Monday, 7 November 2011

Clock ticking for Berlusconi

There are rumours swirling around at the moment that Italian Prime Minister Silvio Berlusconi could be on the way out.

According to the FT

Giuliano Ferrara, editor of Il Foglio and a former minister under Mr Berlusconi, said on his newspaper’s website that it was clear that Italy’s prime minister was about to resign. “It is a question of hours, some say of minutes,”

The Italian stockmarket has reacted to the news by climbing rapidly.

With Italian borrowing rates reaching a euro-era high this morning,there are doubts as to whether he commands enough loyalty among lawmakers to ensure the quick passage of deficit reduction legislation,that European and international financial officials say Rome must achieve to avoid falling victim to a dramatic debt crisis like that bringing Greece to its knees.

The PM was forced into asking the International Monetary Fund to monitor the country's reform efforts during last week's G20.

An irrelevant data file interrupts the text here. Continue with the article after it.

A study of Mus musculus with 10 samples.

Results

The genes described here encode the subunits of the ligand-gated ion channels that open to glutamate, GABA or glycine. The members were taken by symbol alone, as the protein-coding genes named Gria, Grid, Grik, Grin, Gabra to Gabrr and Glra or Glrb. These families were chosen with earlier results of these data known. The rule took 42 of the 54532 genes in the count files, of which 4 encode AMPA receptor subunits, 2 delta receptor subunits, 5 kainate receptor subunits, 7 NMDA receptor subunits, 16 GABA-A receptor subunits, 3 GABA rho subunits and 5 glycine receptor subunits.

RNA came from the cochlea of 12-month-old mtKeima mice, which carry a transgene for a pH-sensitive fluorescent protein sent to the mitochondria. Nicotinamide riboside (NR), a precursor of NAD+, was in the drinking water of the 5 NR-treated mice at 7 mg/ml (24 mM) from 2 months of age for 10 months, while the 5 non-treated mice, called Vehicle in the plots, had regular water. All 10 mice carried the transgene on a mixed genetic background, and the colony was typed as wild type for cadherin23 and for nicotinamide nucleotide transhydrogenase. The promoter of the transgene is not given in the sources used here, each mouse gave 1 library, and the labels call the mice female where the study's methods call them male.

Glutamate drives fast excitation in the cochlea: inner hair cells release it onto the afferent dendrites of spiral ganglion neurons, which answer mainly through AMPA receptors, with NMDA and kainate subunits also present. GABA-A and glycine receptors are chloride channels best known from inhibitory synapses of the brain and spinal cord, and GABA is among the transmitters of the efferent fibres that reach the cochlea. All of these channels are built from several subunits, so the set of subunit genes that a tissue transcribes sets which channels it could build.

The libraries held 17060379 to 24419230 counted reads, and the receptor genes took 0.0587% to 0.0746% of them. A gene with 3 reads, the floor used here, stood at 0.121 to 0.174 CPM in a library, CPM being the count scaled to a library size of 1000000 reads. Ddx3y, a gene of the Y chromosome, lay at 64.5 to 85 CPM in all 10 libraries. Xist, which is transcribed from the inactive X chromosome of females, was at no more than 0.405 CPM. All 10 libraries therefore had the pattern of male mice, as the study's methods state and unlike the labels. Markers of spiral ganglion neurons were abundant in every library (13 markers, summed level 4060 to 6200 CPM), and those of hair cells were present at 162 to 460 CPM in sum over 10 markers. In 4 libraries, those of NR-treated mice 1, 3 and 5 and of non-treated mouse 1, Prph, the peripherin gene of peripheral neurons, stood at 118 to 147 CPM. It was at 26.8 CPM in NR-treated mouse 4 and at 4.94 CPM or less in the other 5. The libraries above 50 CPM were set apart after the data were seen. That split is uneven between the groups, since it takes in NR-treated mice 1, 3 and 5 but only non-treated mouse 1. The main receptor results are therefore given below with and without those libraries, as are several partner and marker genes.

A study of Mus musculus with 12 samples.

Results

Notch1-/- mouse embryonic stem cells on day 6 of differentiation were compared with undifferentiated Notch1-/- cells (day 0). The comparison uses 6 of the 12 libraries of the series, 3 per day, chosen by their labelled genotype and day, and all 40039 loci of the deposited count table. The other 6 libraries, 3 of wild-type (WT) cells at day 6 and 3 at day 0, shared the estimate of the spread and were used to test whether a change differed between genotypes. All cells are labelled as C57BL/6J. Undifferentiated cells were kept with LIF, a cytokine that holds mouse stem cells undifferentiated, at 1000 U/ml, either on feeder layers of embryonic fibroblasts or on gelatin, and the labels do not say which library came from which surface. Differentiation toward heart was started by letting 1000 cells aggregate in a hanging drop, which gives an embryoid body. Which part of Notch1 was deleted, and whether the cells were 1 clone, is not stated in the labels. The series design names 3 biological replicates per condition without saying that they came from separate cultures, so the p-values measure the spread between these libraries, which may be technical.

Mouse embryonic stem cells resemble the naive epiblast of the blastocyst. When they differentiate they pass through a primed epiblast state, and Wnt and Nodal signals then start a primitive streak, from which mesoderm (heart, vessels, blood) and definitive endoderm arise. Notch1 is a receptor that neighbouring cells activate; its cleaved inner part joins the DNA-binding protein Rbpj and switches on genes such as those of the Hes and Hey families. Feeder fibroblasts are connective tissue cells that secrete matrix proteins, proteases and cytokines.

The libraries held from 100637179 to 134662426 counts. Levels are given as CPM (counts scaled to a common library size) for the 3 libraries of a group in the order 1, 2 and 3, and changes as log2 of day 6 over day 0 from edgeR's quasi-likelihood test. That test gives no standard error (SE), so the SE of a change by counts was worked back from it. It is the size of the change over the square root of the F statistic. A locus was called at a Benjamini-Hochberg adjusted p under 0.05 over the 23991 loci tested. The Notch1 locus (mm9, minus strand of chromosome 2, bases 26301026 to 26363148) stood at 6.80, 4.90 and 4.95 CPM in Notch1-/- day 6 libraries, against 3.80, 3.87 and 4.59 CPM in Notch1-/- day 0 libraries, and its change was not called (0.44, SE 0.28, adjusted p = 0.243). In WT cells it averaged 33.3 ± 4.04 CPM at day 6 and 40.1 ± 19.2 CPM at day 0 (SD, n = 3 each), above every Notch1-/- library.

Berlusconi though appears in fighting mood.According to Corriere della Sera

a confident premier claimed that he can still command a parliamentary majority to pass the measures demanded by international bodies, despite announcements of defections in the government coalition: “In the past few hours, I have verified that the numbers in Parliament are secure”. In a telephone link to an Azione Popolare convention organised by Silvano Moffa, Mr Berlusconi said “no one in this Parliament is capable of putting together a credible alternative majority”. The prime minister was unequivocal: “Italy has to face a dual threat from speculation in the markets and from political speculators seeking to use the crisis as a shortcut to power”. He concluded: “That is why I said that our friends who are leaving the majority at this time are enacting a betrayal not of us but of Italy”.

Nevertheless,the yield on the country's ten-year bonds jumped another 0.33 this morning to 6.58 percent, its highest level since the euro was established in 1999 and closer to the 7 percent threshold that has seen Ireland and Portugal accept bailouts.